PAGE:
September 14, 2006
Re "Why pay millions for 'A Million's' lies?" Opinion, Sept. 10 David L. Ulin's evident disregard for nonfiction comes through in his defense of what he terms "creative nonfiction." If readers were moved by the fantasies presented as fact in James Frey's memoir, "A Million Little Pieces," does that make the "emotional response" invalid, he asks. Well, yes, because readers were falsely led to believe they were responding to an honest depiction of real events. "Creativity, after all," Ulin writes, "is a matter of illusion."
June 11, 2006
David L. Ulin sidesteps the importance of the third act in movies ("Why Charlie Kaufman Is Us," May 14). Movies are an accelerated form of narrative, so without a strong closing, the entire clothesline of ideas collapses. Kaufman is masterful at ideas, but an emperor with no "close." He is in good company. In an era of "The Towering Inferno" and "The Poseidon Adventure," Woody Allen's operatic neuroses were hailed as comic genius. At a time of inoffensive Dan Fogelberg ballads, Michael Jackson's overcooked obsessions thrilled music fans worldwide.
December 9, 2007 | David L. Ulin
THIS year's Favorite Books issue has a retrospective feel. Inside, you'll find pieces on the pioneering comics artist Winsor McCay and children's author Beverly Cleary, as well as a reflection on rereading and a look at the lingering influence of the chapbook. At the heart of all this are the lists of our favorite books of the year: 25 works of fiction and poetry and 25 of nonfiction, culled from our reviews in 2007.
December 13, 1998
As David L. Ulin notes in "Honk if You Love Pico-Union" (Nov. 15), L.A. audiences don't turn out in droves to support home-grown or nontraditional arts. The few existing mid-sized theaters don't seem to be thriving, and the demise of Alfaro's alma mater, the Inner City Cultural Center, which emerged from the ashes of the Watts riots, has left a large void. However, as long as Alfaro and other gap-straddling, fun-poking, hmm-inducing performers and writers can work at art-irritating-life, there may be hope for this city yet. Kezia M. Jauron Sherman Oaks To those who know him, Alfaro is a gifted talent, one who perseveres and relates Latino complexities to an oft-times skeptical public.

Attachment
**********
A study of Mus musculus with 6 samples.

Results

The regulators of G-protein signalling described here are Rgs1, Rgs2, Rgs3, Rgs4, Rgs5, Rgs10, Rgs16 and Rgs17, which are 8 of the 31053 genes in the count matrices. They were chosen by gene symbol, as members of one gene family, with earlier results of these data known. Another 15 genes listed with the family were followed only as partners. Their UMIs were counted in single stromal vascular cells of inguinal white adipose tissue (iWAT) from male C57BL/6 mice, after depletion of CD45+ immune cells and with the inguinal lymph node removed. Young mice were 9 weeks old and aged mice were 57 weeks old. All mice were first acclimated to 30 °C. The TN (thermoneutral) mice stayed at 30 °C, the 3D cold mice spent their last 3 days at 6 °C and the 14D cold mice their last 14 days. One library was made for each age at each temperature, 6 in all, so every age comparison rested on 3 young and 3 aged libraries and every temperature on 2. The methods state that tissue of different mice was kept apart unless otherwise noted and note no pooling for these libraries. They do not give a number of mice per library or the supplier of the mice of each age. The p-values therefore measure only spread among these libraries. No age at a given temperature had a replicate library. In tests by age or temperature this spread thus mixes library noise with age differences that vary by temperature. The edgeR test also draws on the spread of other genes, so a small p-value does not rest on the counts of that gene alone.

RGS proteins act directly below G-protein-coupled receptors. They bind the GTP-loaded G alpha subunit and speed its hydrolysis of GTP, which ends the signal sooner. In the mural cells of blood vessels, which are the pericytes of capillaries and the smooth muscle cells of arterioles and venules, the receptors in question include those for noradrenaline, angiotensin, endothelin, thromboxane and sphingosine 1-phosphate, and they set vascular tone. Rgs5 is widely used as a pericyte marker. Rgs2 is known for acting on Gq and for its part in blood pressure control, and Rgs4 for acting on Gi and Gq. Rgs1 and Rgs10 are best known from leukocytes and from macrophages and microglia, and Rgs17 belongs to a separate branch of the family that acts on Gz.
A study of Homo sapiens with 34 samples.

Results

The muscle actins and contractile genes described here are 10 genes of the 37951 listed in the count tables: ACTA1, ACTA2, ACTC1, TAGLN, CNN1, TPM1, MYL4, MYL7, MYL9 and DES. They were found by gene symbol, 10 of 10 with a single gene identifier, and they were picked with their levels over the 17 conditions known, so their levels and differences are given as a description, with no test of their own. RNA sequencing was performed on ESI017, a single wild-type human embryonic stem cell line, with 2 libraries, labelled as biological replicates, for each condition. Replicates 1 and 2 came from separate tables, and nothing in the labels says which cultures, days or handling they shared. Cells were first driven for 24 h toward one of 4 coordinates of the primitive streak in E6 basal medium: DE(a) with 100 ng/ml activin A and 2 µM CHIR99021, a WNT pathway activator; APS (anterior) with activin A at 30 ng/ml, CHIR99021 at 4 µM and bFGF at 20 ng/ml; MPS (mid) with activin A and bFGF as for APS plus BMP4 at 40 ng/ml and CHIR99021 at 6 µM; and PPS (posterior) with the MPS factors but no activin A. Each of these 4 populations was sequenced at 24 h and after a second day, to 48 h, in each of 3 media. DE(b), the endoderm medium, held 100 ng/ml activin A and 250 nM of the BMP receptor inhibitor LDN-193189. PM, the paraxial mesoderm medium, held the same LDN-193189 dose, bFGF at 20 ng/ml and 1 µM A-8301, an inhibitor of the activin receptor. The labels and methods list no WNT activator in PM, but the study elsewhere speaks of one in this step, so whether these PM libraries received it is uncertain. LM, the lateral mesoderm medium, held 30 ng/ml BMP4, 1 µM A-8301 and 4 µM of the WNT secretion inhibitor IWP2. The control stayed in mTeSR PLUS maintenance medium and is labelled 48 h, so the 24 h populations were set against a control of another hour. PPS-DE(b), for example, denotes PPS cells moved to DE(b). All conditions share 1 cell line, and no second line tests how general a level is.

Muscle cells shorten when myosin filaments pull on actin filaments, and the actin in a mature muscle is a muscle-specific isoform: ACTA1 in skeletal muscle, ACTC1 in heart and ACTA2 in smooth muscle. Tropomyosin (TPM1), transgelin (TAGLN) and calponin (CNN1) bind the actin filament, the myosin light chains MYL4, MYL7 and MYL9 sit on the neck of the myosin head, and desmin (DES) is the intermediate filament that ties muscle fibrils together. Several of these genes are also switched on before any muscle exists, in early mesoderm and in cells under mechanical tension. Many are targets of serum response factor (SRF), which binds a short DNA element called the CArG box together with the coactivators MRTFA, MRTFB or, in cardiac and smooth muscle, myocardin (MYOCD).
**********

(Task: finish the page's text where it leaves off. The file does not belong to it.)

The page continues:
July 15, 2007
The following reviews are scheduled: Jonathan Kirsch reviews "The Lincoln Highway: Coast to Coast From Times Square to the Golden Gate" by Michael Wallis and Michael S. Williamson. Bernadette Murphy reviews "The River Wife," a novel by Jonis Agee. Tim Rutten reviews "The Song Before It Is Sung," a novel by Justin Cartwright. Kai Maristed reviews "The Devil Came on Horseback: Bearing Witness to the Genocide in Darfur" by Brian Steidle and Gretchen Steidle Wallace. David L.